Civic News

Patents impact everyone. Our policies need to reflect that

With her employer’s Patent Quality Week underway, the intellectual property counsel of startup-supporting advocacy and research organization Engine emphasizes the say we must have in the patent laws affecting our everyday lives.

The US Patent and Trademark Office's headquarters in Alexandria, Virginia.

(Photo by Flickr user casipphotos, used under a Creative Commons license)

This is a guest post by IP counsel Abby Rives of Engine, a D.C.-based policy, advocacy and research organization supporting startups.
Think back to March 2020, when almost everything — work, school, even medical visits — moved online.

Now, imagine that process happening in a world where someone could also patent the very concept of telehealth. One company could claim to own tracking a remote patient’s compliance with treatment, while one person could use a patent to try and stop everyone in the country from remote health monitoring. In that world, we all lose out. Whoever held the patent could target startups developing innovative telehealth solutions and either shut them down or demand high licensing payments. They could also go after medical practices offering telehealth services and accuse them of infringement. This would mean less telehealth care and fewer options in the market, contributing to higher costs and less patient access — all because one company thought it should own the idea of remotely treating patients.

Unfortunately, this does not require much imagination. About a decade ago, a company held a patent that essentially claimed telehealth. It filed dozens of infringement cases and sent demand letters to healthcare companies of all sizes, including startups. The patent holder avoided scrutiny for a while by settling its lawsuits, but a federal court eventually held that the patent was not eligible for protection because the US patent system does not let you own the idea of remote patient monitoring.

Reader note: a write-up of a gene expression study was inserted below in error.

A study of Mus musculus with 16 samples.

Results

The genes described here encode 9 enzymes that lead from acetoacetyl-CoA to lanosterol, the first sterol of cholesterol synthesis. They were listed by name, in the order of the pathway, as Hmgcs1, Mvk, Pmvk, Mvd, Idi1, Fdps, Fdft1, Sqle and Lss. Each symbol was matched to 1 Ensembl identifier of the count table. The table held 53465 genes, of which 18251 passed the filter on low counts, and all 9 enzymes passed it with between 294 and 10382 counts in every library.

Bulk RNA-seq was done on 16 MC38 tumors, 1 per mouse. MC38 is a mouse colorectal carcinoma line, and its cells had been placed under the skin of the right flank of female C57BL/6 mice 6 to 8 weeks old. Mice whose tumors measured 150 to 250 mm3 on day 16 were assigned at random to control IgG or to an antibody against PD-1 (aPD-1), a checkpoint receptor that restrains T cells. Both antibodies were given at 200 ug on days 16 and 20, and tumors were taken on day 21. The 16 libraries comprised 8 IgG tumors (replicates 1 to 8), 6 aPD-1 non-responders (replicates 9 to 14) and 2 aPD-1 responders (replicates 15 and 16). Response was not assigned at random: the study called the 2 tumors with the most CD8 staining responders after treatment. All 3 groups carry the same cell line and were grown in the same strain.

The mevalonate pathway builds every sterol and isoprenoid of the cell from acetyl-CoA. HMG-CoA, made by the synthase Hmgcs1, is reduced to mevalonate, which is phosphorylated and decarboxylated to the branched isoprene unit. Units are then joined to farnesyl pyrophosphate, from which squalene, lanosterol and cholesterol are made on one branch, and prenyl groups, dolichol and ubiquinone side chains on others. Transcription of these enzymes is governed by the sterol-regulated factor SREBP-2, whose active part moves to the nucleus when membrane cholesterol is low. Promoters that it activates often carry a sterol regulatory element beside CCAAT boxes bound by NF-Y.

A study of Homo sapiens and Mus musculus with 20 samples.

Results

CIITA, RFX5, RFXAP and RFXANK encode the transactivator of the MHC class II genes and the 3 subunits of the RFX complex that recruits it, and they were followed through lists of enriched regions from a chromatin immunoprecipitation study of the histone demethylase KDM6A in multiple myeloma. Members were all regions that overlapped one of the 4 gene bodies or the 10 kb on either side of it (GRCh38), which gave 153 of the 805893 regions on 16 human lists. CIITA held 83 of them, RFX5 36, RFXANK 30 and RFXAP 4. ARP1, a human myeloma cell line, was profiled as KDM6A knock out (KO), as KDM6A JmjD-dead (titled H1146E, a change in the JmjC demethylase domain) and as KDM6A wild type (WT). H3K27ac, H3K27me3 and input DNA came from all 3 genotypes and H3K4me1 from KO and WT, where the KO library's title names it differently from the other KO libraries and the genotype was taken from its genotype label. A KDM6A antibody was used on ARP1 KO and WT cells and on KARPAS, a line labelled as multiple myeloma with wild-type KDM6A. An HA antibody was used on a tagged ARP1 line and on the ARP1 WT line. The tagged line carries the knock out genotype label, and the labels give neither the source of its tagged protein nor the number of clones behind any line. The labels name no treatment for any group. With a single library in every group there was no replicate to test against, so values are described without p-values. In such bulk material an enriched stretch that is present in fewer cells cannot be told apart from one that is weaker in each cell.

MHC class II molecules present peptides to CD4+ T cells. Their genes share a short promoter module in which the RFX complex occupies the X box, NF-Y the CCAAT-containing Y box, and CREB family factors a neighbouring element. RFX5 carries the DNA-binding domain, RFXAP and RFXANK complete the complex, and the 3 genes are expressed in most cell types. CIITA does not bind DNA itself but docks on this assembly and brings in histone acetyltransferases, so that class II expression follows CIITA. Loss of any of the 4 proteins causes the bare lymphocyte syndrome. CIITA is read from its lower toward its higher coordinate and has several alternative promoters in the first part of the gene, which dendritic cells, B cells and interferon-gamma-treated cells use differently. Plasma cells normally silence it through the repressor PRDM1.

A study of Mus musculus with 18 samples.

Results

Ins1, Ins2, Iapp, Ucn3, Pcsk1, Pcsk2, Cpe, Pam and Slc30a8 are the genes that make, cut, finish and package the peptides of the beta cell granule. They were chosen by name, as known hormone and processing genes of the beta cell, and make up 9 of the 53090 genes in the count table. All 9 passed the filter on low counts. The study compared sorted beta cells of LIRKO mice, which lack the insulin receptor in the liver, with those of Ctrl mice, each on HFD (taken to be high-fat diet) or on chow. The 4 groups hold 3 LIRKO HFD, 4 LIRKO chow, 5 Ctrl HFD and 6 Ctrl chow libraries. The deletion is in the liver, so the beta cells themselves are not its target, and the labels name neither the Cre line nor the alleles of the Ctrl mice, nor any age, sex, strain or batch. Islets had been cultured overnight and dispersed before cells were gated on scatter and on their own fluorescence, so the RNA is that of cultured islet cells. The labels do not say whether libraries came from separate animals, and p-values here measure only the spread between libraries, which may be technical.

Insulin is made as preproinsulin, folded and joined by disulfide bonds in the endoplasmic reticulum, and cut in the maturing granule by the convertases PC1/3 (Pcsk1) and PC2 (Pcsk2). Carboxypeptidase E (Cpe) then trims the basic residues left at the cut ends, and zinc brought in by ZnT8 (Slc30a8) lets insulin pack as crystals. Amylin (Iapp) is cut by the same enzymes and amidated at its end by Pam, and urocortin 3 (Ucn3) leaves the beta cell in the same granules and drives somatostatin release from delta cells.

This is just one story that illustrates how patents affect the lives and work of every business and person across the country. Of course, the many wrongfully sued telehealth companies and the public alike could benefit from a patent system that did not allow these sorts of abuses. But it could have been even worse: What if, for example, our law allowed patents on mere ideas? Or if the law defaulted to pulling all allegedly infringing products from the market? We would have lost all types of telehealth offerings without any corresponding benefit.


One step we can take is to get involved. That’s why we at Engine, during our just-commenced second annual Patent Quality Week, are trying to demystify the patent system and chart a course for more meaningful and comprehensive public engagement.

Patent law is supposed to serve the public and not just help large, asset-rich companies build enormous patent portfolios. The rest of us, and our experiences, should matter most. And yet, patent law can be highly technical and complicated, which can frustrate how (and whether) people understand those experiences and share them with policymakers.

Startups and small businesses hit with frivolous cases know the patent system because they experience its problems firsthand, and many patient advocates actively follow patent policy. But many companies and individuals may not realize that they are constantly seeing the patent system working in sometimes good, sometimes bad and always nuanced.

Another challenge to navigate is the subject matter itself. Today’s patent policy conversations focus on terms like “injunctive relief,” “discretionary denials,” and “venue.” Big companies with a large financial stake can hire experts to represent their interests before the government. That creates resource and information asymmetries for individuals, small businesses and nonprofits. We need more resources that explain patents in an accessible way, and policymakers need to avoid seeing patent ownership or legal expertise as the cost of entry to a policy discussion.

Finally, too few avenues exist for public participation in patents. Yet, for a system focused on the public’s benefit, those voices deserve a prominent seat at the table.

When the patent system is working well, great new innovations are brought to the market in publicly useable ways. But when that system is out of balance, it can inhibit progress, innovation, competition and public access. From June 6-10, we invite you to tune in and read up, to explore these themes and consider how we can better deliver on the promise of a patent system that works for everyone.